How to Understand Something in a New Way

A few ideas from Dr Alex Vasquez posted 14 Jan 2018

Clarity: What are the terms, definitions, interactions and components?

  • Starting with misunderstanding or erroneous information is the surest way to NOT understand something.

  • Starting with a foundational definition of terms and clarification of concepts is (per Frankfurt*) an important component of analytical philosophy specifically and hence truth and sustainability of society. *eg,

  • Who are the authors and “definers” and what are their conflicts of interest?

    • Example: Are you getting vaccine-promotional information from authors and groups that are paid by the vaccine industry?

    • Example: Are the authors of your “science” article funded by multiple drug companies that benefit from confusing the topic?


Biases: What are the “blinding biases” and indoctrinations relevant to this topic?

  • One of the reasons that legitimate breakthroughs in understanding are uncommon is that people are indoctrinated into the “common mode of thought” which itself perpetuates confusion on various topics; as such, a true and original understanding of many topics can only be achieved by examining and—where appropriate—discarding old falsities in favor of a more accurate perception of the problems and components, which is prerequisite to arriving at legitimate and original perceptions and solutions.

    • Example: Americans are told that their government is a democracy, but it was never intended to be a democracy (majority rules) on a national level; rather it was designed as a republic (elected representatives make the decisions; in many situations such as the electoral college that determines presidential elections, such “representatives” are not even elected by the people but rather selected privately by each states’ political parties) which later became an oligarchy:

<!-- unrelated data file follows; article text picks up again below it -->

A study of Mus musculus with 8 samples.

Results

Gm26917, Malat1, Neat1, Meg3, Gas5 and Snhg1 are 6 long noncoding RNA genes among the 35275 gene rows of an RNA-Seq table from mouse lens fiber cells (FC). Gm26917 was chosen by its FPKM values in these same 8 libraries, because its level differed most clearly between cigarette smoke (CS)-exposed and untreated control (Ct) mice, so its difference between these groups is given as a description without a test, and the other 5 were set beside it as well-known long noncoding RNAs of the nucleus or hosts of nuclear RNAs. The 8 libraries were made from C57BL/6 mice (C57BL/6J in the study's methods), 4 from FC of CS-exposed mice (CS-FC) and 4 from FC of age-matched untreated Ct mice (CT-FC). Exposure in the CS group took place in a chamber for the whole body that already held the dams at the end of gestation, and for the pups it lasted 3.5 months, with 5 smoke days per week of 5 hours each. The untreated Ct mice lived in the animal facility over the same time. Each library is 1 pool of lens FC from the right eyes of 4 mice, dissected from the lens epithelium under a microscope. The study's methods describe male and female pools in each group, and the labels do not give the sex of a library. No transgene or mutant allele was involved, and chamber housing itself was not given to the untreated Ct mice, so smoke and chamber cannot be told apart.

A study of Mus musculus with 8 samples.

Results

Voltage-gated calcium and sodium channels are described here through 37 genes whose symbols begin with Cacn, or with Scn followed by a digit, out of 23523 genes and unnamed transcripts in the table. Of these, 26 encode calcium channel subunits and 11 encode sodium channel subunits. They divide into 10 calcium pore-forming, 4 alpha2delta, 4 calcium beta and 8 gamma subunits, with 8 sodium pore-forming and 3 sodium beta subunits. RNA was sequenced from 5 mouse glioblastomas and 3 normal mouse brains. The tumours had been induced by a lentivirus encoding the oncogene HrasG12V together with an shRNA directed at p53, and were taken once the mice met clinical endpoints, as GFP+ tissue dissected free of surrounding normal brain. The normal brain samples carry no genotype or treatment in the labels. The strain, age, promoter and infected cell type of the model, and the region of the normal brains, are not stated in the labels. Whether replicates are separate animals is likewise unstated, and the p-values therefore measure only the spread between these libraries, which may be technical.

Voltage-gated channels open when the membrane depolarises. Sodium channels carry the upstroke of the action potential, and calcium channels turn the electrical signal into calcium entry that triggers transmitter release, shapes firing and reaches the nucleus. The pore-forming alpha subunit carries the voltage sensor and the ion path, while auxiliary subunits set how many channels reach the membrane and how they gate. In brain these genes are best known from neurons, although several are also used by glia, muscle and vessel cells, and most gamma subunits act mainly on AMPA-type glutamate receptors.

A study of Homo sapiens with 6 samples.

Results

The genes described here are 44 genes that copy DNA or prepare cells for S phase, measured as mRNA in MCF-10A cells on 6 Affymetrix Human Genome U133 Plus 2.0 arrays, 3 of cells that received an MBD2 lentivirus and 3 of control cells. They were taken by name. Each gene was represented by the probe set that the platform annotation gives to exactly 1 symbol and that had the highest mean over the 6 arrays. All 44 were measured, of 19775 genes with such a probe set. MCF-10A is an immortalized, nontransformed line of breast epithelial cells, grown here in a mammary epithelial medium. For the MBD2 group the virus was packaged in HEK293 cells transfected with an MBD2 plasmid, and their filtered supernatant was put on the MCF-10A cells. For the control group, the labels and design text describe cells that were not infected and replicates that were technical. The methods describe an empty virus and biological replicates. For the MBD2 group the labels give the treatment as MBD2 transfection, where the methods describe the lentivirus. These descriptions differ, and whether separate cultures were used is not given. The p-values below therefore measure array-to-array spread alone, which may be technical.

• Concrete example: More than 90% of Americans want proper labeling of corporate-owned genetically manipulated foods, but the government refuses to provide such information because the government serves the interests of the ruling elite and corporate powers.

  • How is the common discussion being framed to support the power structure? See Noam Chomsky: Manufacturing Consent: 

    • 1) operative sound bites,

    • 2) selection of topics,

    • 3) distribution of concerns,

    • 4) emphasis,

    • 5) framing of issues,

    • 6) filtering of information, eg most Americans have no idea about the invasion and slaughter of East Timor which occurred with American complicity,

    • 7) bounding of debate


Errors and Fallacies: At the very least, become familiar with logical fallacies and faulty arguments so that you will more readily appreciate these mistakes in the information you read as well as in your own thought processes. All fallacies are forms of non-sequiturs; conversely, correct thinking is definitively sequential.  


Earnestness: How much does one really care about this topic and to what extent is one willing to change perspectives and work/read/study to develop a more accurate perception?

  • If one is just trying to pass a test, then the effort goes to mastering the material relevant for the test, which is different from trying to truly understand a topic.

  • Does one analyze and critique new views, or easily accept them, especially when they are consistent with the beloved perspective?

  • Quite often, quality of conclusions depends on quantity of information reviewed and perspectives included. If you have not read at least 5-10 authoritative books/articles/chapters on the topic, then you’re not really making a sufficient effort to understand the issue, at least not at a deep level. At least 30% of what you read should be from an opposing viewpoint. You need to read books/articles from other countries in order to escape the “hall of mirrors” effect of reading information from people with the same cultural indoctrination that you have received.

  • New information and different perspectives commonly occur as “more difficult to understand” and as such will have to be read more than once.

    • Concrete example: In our medical school, we were expected to read all assignments three times: 1) learn the vocabulary, 2) gain familiarity, 3) solidify mastery.


Real-world validation: How do the biases and preliminary conclusions perform in the real world with common (not exceptional) examples?

  • Look at the big picture, common themes, exceptions, biases in sources, personal and class privilege

  • How strongly do your conclusions benefit you personally?  How well do they promote or change the status quo in a way that benefits your personal status, religion, or social group?